Announced before an expected Israeli ground invasion against Gaza's ruling Hamas militant group, it is an unprecedented order affecting almost half the population of the sealed-off territory.
The UN, which was informed by Israel of the plans, has said such a large number of people fleeing en masse would be catastrophic, especially as an aerial bombardment continues in Gaza.
Gazans, many of whom have been seen fleeing on foot, have to travel about 15km if they live in the northernmost part of the Strip to reach the area south of the Wadi Gaza, which is where the Israelis say they have to flee to.
Most people in Gaza city itself, the most densely populated area and its southern environs, have a 5km to 10km journey.
But the potential for heavy fighting and the continuing bombardments in some areas, as well as roads blocked by rubble, craters and, potentially, other refugees will make the journey far more arduous, especially with dwindling access to water.
Hamas, which staged a brutal surprise attack on Israel this week, dismissed the Israeli announcement as a ploy and called on people to stay in their homes, adding to widespread confusion and panic.
Chris Doyle, director of the Council for Arab-British Understanding, told The National it was not possible for so many civilians to safely move out of the region within 24 hours.
“The Gaza strip is still being bombed, there is no power, no roads, so it’s impossible,” he said.
“What we see is essentially an example of state terror. It is to actually inform a civilian population this is what is going to happen and they know they cannot leave, so they are aware of what will occur.”
Israel said early on Friday that it needed to strike Hamas's military infrastructure, much of which is buried deep underground across Gaza.
The Israeli military will use “significant force” while making “extensive efforts to avoid harming civilians”, army spokesman Lt Col Jonathan Conricus said.
The announcement has triggered panic among civilians and aid workers already sheltering from Israeli air strikes and contending with a total siege and territory-wide power cuts.
“Forget about food, forget about electricity, forget about fuel. The only concern now is just if you’ll make it, if you’re going to live,” Nebal Farsakh, a spokeswoman for the Palestinian Red Crescent in Gaza city, told news agencies while breaking into heaving sobs.
More than 1,500 Palestinians have been killed and 6,600 wounded in Gaza since Israel launched retaliatory air strikes, Palestinian health officials said.
More than 1,300 Israelis have been killed and 3,200 wounded, according to the Israeli army, after Hamas launched an attack against Israel from the Gaza Strip on 07 October.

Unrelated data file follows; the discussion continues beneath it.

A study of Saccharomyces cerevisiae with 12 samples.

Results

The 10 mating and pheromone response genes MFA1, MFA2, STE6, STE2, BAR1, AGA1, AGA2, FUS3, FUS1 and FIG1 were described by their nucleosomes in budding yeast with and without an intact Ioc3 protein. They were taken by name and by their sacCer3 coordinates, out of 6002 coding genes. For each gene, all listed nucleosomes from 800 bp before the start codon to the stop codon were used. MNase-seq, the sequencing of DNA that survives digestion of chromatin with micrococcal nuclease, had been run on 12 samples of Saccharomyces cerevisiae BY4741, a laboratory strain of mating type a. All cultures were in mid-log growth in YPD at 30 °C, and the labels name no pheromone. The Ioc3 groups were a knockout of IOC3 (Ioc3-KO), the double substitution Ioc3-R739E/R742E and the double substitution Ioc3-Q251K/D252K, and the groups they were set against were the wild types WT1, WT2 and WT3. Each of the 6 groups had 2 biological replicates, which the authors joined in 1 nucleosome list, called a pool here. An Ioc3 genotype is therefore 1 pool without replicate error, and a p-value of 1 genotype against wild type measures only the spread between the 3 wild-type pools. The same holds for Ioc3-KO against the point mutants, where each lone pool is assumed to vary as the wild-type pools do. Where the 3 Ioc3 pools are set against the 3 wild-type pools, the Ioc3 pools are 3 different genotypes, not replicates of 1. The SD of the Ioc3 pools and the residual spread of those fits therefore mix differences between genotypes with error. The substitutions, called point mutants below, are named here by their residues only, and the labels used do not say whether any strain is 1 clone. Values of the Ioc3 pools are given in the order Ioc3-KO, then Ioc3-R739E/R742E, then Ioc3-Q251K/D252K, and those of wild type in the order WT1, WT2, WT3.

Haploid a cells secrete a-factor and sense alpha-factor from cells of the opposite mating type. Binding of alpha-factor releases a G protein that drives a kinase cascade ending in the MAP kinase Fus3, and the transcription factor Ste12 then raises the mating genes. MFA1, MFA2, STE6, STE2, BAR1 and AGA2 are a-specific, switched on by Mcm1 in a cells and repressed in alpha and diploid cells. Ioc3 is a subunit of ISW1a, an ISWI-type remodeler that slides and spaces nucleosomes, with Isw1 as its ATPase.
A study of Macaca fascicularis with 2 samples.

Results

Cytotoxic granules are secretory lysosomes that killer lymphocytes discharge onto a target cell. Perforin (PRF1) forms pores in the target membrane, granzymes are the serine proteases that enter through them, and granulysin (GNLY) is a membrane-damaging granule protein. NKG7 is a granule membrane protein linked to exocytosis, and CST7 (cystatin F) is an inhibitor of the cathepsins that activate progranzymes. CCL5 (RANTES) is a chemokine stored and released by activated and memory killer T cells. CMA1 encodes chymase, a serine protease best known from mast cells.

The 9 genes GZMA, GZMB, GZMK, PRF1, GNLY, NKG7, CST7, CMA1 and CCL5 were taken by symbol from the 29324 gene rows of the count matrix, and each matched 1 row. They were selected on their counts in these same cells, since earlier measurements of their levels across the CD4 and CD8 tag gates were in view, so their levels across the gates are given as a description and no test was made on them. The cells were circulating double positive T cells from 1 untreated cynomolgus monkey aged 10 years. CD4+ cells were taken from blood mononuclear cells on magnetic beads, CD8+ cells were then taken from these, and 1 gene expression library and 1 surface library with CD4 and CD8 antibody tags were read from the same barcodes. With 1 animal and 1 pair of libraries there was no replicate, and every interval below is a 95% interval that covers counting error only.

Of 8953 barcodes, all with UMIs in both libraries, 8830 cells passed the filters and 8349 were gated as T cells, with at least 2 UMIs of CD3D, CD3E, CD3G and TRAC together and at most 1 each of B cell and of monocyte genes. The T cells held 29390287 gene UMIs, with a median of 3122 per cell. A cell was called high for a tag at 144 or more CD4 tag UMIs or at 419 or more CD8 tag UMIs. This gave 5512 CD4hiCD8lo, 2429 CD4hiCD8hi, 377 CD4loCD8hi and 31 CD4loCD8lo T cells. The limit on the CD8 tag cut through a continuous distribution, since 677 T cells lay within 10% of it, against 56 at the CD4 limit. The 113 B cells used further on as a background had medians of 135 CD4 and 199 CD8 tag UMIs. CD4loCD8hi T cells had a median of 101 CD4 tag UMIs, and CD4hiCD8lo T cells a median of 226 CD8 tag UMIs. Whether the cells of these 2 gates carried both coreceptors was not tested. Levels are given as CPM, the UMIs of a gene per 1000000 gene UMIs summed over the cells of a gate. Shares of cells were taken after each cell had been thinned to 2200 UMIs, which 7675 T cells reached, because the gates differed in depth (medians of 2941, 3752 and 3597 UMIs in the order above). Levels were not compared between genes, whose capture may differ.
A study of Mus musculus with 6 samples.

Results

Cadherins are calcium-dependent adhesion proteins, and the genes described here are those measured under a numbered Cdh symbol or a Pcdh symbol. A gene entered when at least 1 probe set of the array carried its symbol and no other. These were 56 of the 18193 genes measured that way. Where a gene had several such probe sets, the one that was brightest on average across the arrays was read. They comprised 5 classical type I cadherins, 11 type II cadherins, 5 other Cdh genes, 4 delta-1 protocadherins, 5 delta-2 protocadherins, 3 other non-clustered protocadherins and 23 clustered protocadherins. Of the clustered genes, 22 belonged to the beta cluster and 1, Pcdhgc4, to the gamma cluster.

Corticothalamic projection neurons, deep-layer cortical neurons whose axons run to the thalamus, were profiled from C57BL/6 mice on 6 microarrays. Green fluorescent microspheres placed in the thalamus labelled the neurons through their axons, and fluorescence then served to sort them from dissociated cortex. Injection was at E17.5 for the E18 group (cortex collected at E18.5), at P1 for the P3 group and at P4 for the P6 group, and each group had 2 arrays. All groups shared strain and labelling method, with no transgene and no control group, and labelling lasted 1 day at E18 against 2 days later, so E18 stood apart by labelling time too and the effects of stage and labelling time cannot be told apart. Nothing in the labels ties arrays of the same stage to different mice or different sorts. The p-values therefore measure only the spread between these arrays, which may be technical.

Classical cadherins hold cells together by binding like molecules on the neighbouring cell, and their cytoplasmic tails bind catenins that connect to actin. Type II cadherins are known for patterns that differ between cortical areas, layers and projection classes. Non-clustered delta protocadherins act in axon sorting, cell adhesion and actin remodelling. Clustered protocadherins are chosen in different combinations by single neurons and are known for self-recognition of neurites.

Will people actually move?
Hamas said Israel's Gaza evacuation order had been rejected by “our Palestinian people”.
Videos and pictures shared on social media showed people, with children in their arms, carrying suitcases and plastic bags stuffed with belongings on Friday.
The UN said that more than 423,000 people have already fled their homes in the territory.
The World Health Organisation said it was impossible to transfer severely wounded and sick patients to southern Gaza.
“There are severely ill people whose injuries mean their only chances of survival is being on life support, such as mechanical ventilators,” said WHO spokesman Tarik Jasarevic.
“So, moving those people is a death sentence. Asking health workers to do so is beyond cruel,” he said.
The Norwegian Refugee Council said its humanitarian workers inside Gaza reported “countless people in the northern parts who have no means to safely relocate under the constant barrage of fire”.
“The loss of civilian lives caused by deliberate or indiscriminate use of force is a war crime for which the perpetrators will have to answer,” the group said.
“We fear that Israel may claim that Palestinians who could not flee northern Gaza can be erroneously held as directly participating in hostilities, and targeted.”
Where can they go?
A total siege has been imposed on Gaza since Saturday. Israel has cut off water, electricity and gas supplies as a response to the attack by Hamas.
It also shut its own border crossing into the city and has bombed Egypt's Rafah crossing, temporarily rendering it unusable.
For several days, humanitarian groups have been calling for the safe passage for the two million civilians in Gaza as Israel pounds the enclave with thousands of air strikes.
Leaving would be difficult in the narrow and densely populated Gaza.
Bente Scheller, head of the Mena division at the Heinrich Boll Foundation in Berlin, said there was “no where to go” as Egypt was not ready to open its border for refugees.
“Given the level of humanitarian suffering that is already happening – the scarcity of water, food or fuel, it will be very difficult to provide for people in an even more difficult logistical situation,” Ms Scheller told The National.